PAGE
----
In the weeks before it laid off most of its staff, Yik Yak employees believed the company was back on the right track. After a bruising fall, in which users revolted against the end of anonymous posting, the company appeared to have stabilized. “In the weeks leading up to it, everyone was sort of plugging away,” one former employee told The Verge. “There was no assumption like, ‘guys, we’re sunk.’”

Then some employees heard the app’s founders, Brooks Buffington and Tyler Droll, discussing a secretive new project. A small team would be diverted from the Yik Yak app to begin a mysterious new project. Those outside the team were not told what it was.

“The picture being painted was we tried a bunch of stuff, we enjoyed some success, but maybe it has plateaued,” a former Yik Yak employee recalled. The message was “we’re going to leverage our strengths with Yik Yak, and we’re going to make our new product even better,” the employee said.

The employee never found out what the team was building: on December 8th, Yik Yak laid off 60 percent of its employees. Launched in 2014, the Atlanta-based Yik Yak, which let users post anonymously about life on campus, was a breakout hit at American colleges. Over the next two years, investors poured $73.5 million into the company. But its anonymous users proved difficult to retain, and moves to make users adopt persistent identities — even pseudonymous ones — let to a collapse in usage.

Now the company has quietly started over. On Wednesday, a developer named Richard Guy published an app named Hive to Apple’s App Store. Guy is Yik Yak’s lead mobile developer, according to his Facebook and LinkedIn profiles. An identical Android app — developed by a company representing itself as “Chill Tech Inc.” — was published the following day.

An accompanying webpage calls Hive “an exclusive social network for college campuses.” “Hive’s mission is to provide every college and university with a platform to allow students to freely and easily communicate with everyone on campus,” the company writes. “It shouldn’t be hard to communicate with other students in a class of yours, or with people in your major, or with people at your school who have the same interests as you. A school’s Hive will connect the student body in ways that have never before been possible.”

Neither Guy, Yik Yak, nor Hive responded to requests for comment. Tech companies often test new software under fake company as a means of floating new ideas away from the spotlight. Last year, the company that built Meerkat developed its successor, Houseparty, in private, acknowledging its ownership only after Houseparty neared 1 million users.

And Yik Yak doesn’t seem to be trying particularly hard to disguise its connection to Hive. In addition to using the same shade of green that Yik Yak did for its design, co-founder Buffington is featured in the App Store screenshots.

The core of Hive is group messaging. The app creates chat rooms for every class offered at a school. After joining a class, you can see profiles of your classmates who have also joined and send one-on-one or group messages. It also creates a directory of everyone on campus who has joined the app — a more-or-less direct copy of Facebook’s launch strategy, but tailored to messaging rather than profiles.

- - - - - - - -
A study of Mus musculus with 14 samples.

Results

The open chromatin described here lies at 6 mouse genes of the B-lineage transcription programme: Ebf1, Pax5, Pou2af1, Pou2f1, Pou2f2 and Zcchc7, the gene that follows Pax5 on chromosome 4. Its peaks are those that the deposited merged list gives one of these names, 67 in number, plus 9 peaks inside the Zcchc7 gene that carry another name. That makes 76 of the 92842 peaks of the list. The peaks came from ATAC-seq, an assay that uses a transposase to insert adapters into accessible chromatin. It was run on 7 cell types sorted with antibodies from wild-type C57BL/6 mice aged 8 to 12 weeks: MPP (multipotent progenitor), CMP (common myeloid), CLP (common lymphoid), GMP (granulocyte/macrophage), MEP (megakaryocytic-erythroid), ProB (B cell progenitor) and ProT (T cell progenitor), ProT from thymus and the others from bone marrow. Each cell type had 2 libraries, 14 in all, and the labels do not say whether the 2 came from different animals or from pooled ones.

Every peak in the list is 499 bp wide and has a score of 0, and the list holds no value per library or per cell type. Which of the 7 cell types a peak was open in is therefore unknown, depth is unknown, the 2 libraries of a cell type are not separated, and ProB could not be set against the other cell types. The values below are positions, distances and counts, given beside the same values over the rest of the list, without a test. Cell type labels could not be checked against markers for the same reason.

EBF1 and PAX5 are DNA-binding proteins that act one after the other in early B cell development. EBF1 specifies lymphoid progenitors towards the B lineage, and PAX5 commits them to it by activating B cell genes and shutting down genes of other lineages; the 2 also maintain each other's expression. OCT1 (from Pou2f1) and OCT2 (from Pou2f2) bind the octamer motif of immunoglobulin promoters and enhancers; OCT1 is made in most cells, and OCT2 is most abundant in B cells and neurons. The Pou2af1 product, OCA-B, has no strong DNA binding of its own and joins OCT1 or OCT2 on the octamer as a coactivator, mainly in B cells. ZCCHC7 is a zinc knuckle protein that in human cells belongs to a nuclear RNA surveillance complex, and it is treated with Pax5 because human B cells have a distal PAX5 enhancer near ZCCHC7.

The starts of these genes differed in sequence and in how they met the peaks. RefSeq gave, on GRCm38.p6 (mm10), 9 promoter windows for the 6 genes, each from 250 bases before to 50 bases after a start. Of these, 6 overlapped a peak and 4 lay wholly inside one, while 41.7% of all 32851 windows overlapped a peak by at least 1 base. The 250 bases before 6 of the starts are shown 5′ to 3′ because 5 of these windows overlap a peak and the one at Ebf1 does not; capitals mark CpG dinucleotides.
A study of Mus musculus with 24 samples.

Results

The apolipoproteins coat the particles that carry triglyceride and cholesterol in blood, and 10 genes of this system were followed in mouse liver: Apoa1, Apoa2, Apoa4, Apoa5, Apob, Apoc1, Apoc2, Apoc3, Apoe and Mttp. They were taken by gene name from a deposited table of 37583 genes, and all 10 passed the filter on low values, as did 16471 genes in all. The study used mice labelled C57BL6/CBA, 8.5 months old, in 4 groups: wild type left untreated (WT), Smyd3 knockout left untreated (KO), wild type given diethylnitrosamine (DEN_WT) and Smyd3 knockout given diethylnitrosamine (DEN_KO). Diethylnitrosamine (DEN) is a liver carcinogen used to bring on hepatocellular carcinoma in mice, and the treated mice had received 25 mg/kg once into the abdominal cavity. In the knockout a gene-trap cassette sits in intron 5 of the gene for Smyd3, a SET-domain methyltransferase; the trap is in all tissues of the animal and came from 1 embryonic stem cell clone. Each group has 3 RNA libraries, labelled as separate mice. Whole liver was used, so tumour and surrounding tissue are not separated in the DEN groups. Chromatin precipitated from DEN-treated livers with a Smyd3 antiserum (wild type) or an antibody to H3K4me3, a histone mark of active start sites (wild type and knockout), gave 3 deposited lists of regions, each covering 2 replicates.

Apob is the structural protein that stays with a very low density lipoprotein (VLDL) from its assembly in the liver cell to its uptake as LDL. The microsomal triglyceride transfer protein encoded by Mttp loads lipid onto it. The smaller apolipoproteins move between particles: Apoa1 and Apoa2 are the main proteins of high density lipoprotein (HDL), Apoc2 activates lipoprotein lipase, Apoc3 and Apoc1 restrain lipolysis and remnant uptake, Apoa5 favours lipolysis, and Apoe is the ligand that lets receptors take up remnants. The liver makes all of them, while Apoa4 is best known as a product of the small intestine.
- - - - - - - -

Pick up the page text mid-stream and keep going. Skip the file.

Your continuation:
The goal, the company says, is to remove some of the friction from common situations of campus life. “Have you ever had a question about a class you were in but didn’t know where to start a discussion, or wanted to exchange notes with someone, or wanted to invite people to start a study group, or just wanted to look up someone in your class or your school? Well Hive takes care of all that and more.”

While you can download Hive today, you probably won’t be able to use it. The app is currently only available at Furman University — the South Carolina liberal arts college where Buffington and Droll met as students. (There’s also a “Hive University” — presumably a place for employees to test features.) Users at other schools can request to join a wait list, provided they have a .edu email address.

So can Hive succeed? On one hand, offering college students a ready-made set of groups to join could represent an improvement over the status quo. And a successful messaging app would likely be catnip for Yik Yak’s investors — messaging apps spread virally and are often used multiple times per day, which would both be essential in helping Yik Yak build a business. (Despite being valued at $400 million, the company has never generated any significant revenue.)

At the same time, messaging is the single most crowded landscape in social media. Yik Yak’s college audience is already communicating via SMS, Facebook, and Snapchat — and maybe WhatsApp, Kik, and Signal as well. And while those apps can all spread from person to person, Hive’s focus on campuses means that it will have to build individual networks at every single college. Then there’s the fact that the more successful Hive is, the likelier Facebook is to simply copy it into its Groups product.

In the meantime, mark Yik Yak down as one more company that tried to build an anonymous social network and failed. (See also: Secret, Formspring, and Ask.fm.) Hive accounts are tied to student email addresses — something Yik Yak users would have rejected.

But Yik Yak users are gone now, and the app’s days are surely numbered. Hive looks like the company’s new focus. And investors have $73.5 million riding on whether it works.